Dear Real Estate Adviser,
I’m a seller and after 4 months of granting homebuyer’s contract extensions, I’m not going to grant another. I want my house back on the market.
The current buyers have financing issues and apparently have made purchases and deposits on several things in the run-up to closing and that has jeopardized their credit.
I’ve signed off on previous extensions, but the last contract extension is now expired. Am I still at the mercy of the buyers?
— Jill J.
© Zina Seletskaya/Shutterstock.com
No! You hold the cards here, not the buyer.
Many sellers in your situation who’ve magnanimously granted extension after extension are rewarded with nothing in the end because buyers just can’t repair their credit in time. You’ve been more than patient, so unless there’s a stipulation giving the finance-challenged sellers even more grace time, your instinct to exit is right.
Some contracts may stipulate that the seller must give the buyers “notice to perform” within a set period, even after a previous contract extension. But if you’ve not been asked to sign off on another one or on an amended escrow agreement, you’re probably in the clear.
There’s a bigger risk of getting sued if you announce you are keeping the deposit, especially if it’s a significant sum, even if you believe you have a contractual right to do so. Yes, you have been inconvenienced, but do you want to risk going to court?
Don’t feel badly about moving on, because your sympathies for the buyers already have been tested repeatedly, no doubt keeping you from moving on with your own life plans.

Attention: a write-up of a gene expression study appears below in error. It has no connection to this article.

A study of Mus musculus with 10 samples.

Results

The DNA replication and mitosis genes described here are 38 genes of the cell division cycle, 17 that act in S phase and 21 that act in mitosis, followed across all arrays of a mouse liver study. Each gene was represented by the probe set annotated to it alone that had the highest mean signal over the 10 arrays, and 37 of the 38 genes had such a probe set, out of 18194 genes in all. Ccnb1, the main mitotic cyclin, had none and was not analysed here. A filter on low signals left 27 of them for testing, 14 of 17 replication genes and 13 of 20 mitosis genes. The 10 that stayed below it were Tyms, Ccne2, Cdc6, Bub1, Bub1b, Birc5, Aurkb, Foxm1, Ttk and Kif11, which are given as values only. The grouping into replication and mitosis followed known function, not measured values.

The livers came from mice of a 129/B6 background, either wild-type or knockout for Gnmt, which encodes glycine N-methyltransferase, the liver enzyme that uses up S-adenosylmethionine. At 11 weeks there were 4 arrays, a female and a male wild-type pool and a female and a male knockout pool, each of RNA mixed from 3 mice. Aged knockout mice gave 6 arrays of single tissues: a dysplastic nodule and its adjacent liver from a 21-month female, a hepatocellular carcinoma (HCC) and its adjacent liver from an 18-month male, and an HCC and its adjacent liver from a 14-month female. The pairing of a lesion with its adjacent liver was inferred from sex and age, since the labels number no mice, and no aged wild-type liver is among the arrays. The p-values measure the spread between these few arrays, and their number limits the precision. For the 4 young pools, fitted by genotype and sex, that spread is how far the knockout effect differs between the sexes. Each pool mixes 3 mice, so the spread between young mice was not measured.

While it may be that the buyers didn’t realize that making a bunch of credit purchases before closing (always inadvisable), would count against them with the lender, that’s their “bad.” Someone, be it their lender or agent, should have informed the buyers of this no-no, although that warning isn’t required by law.
Time to see a lawyer?
One way to largely determine whether the buyer’s contract is now kaput is to see a lawyer. Even then, there’s no sure way to know if the buyers will sue should they have any grounds. But if I were to guess, buyers wanting to sue would be informed by their counsel that they’ve already broken the contract, which, by the way, is also expired.
However, in the big scheme, you agreeing to wait once more for these delinquent buyers seems like an exercise in self-punishment.
It’s time to unbind your house so serious buyers can have a go at it. Next time, don’t accept an offer from a buyer without a preapproval letter. That’s still no guarantee that something won’t come up in the final underwriting stage, but it sure improves the odds of a timely closing.